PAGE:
Thursday, June 6, 2013

Notes and Thoughts on "The Grapes of Wrath"

by Pa Rock
Avid Reader

I just finished reading John Steinbeck’s masterpiece of 20th century American literature, The Grapes of Wrath.   This was my first read of Steinbeck’s fictional account of one family trying to survive in dust-ravaged, Great Depression of the 1930’s.  Today The Grapes of Wrath is often assigned to high school students, but I am glad that I waited until I had a world of experience behind me before tackling the novel because much of the subtleties of the constant war on the poor would have slipped by me.  The parallels between then and now are stark and disturbing.

Steinbeck styled his book in sort of a sing-song manner with chapters about the struggles of the Joad family alternating with chapters of a more general nature that describe how society functioned at the time.  In those expository chapters he talked about the banks, foreclosures, car dealers, corporate farming, red-baiting, the eternal connection between police and people with property, the physical effects of malnutrition and lack of medical services, and the poor treatment of migrant workers desperate to simply survive.  Much of what he described about America in the 1930’s can be overlaid onto contemporary society with embarrassingly few wrinkles.

Steinbeck’s 1939 look at America in the Great Depression struck a deep chord within society – so much so that many felt it was dangerous to the established social order.  The book was immediately banned by the libraries of Kern County, California, which was in the center of the large and heartless corporate farm system that Steinbeck described with such horrific clarity.  Over the intervening years The Grapes of Wrath has made its way onto numerous banned book lists because of the threat some believed it posed to social order.

The book has also made its way onto several lists of the best one hundred novels of the last century, often landing in the top ten.  It is truly an important work.

The fictional Joads were originally small farmers whose ancestors had fought in the American Revolution.  They had homesteaded and raised several generations on the small Oklahoma family farm before crop failures forced them to mortgage their home and land to the bank.   As the banks acquired the Joad land and the land of their neighbors, the once independent farmers became tenant farmers or sharecroppers.  Eventually the banks and their masters, corporate America, decided that the way to maximize profits on the land was to drive the tenants out, knock down the fences, and plant massive fields of cotton.  Their tractors pushed houses off of their foundations so the farmers could not return and squat on the property, and even yards were plowed up for cotton.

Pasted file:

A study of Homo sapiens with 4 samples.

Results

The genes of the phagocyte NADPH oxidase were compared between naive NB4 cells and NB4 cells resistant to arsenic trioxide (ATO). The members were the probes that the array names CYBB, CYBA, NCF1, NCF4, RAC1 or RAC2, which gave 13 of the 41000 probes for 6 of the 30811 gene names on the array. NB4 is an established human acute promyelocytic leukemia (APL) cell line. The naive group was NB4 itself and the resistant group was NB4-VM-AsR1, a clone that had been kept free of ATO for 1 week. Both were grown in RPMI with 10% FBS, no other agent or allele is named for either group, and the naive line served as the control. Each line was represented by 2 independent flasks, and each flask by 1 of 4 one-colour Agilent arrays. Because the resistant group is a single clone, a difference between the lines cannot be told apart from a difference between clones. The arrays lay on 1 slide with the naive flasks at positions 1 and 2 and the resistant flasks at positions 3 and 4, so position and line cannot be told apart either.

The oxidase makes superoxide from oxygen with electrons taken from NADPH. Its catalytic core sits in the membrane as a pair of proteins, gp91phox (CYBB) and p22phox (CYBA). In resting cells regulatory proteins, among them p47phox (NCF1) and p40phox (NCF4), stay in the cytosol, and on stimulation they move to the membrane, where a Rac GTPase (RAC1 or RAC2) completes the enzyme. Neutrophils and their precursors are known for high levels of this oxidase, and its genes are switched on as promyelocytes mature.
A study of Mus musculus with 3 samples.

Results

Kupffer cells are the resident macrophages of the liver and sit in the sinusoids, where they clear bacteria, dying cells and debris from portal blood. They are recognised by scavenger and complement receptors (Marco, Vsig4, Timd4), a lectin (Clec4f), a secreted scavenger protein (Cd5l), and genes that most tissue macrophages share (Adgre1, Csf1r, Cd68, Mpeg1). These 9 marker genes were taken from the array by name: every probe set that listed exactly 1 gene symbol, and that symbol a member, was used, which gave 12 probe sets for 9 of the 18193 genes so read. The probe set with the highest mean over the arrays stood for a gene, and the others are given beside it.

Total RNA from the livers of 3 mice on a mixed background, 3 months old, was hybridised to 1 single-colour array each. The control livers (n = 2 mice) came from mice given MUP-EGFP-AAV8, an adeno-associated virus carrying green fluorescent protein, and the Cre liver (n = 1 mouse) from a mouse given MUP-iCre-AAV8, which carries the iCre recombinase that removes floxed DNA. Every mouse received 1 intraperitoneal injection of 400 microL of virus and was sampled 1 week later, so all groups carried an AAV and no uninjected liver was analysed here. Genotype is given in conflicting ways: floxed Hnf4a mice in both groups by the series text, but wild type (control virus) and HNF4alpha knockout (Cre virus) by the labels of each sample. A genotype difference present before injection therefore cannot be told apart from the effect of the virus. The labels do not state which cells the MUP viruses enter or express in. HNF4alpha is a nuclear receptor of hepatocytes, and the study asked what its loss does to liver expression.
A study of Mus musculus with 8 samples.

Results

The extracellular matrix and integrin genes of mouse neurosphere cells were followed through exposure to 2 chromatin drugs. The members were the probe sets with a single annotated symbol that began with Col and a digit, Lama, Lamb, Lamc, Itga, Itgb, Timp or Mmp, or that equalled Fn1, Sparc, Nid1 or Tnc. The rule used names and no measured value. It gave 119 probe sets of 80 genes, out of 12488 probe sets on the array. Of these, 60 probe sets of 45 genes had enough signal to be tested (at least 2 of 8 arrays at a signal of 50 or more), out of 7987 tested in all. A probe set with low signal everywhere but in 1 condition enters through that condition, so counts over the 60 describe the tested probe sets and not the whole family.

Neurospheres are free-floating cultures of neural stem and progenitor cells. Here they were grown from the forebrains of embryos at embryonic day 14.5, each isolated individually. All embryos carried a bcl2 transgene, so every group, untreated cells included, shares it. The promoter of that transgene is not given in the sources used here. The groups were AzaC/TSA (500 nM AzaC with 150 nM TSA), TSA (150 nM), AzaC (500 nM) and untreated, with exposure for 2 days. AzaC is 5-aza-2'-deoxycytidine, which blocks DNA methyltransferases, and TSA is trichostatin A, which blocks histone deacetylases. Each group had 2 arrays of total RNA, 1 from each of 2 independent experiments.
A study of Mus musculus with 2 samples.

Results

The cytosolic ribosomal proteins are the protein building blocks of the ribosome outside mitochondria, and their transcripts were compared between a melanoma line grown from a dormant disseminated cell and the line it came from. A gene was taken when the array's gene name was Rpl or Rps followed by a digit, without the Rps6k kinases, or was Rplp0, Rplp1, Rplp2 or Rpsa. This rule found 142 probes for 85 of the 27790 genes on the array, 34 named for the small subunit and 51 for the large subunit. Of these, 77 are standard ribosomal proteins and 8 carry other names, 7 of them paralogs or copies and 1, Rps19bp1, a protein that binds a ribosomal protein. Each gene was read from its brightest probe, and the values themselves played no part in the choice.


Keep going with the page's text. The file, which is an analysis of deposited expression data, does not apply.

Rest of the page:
At the same time, handbills were appearing that described California as a land of plenty, and a land of plenty of work.  The Joads, like thousands of other “Okies,” sold off their excess possessions for pennies on the dollar, bought jalopies that were priced at far more than their actual worth, and headed West to pick fruit and start over in a Promised Land.  After a journey of much hardship in which both grandparents died, the family finally reached California – where there was an intentional glut of workers (the real reason for all of the handbills) and wages were extremely low.  Workers rushed from farm to farm begging work and taking what they could get at a depressed wage.  When there were no crops to pick, community pressures (and often violence) forced them to move on – “And don’t come back until the cotton is ready to be picked!”

The only reprieve the Joad family had was a month when they managed to get into a government camp, a wonderful place with hot showers and flush toilets.  The camp was an experiment in self-governance that angered the local growers who did not want any of their workforce to be spoiled with good conditions.  The local growers were focused on ways to disrupt life at the camp and get it shut down.

The Grapes of Wrath takes the concept of survival down to the bare essentials.  It is a gritty portrait of the haves versus the have-nots, and the struggles that some faced in getting ahead while others struggled equally hard to stay ahead and keep the rabble down.  In one particularly poignant scene, Ma Joad, the family matriarch and backbone, lamented to a company store operator who had just risked his job by making her a loan of ten cents to buy sugar:

“I’m learnin’ one thing good,” she said.  “Learnin it all a time, ever’ day.  If you’re in trouble, hurt, or need – go to poor people.  They’re the only ones that’ll help – the only ones.”

Amen, Ma Joad.  Some things never change.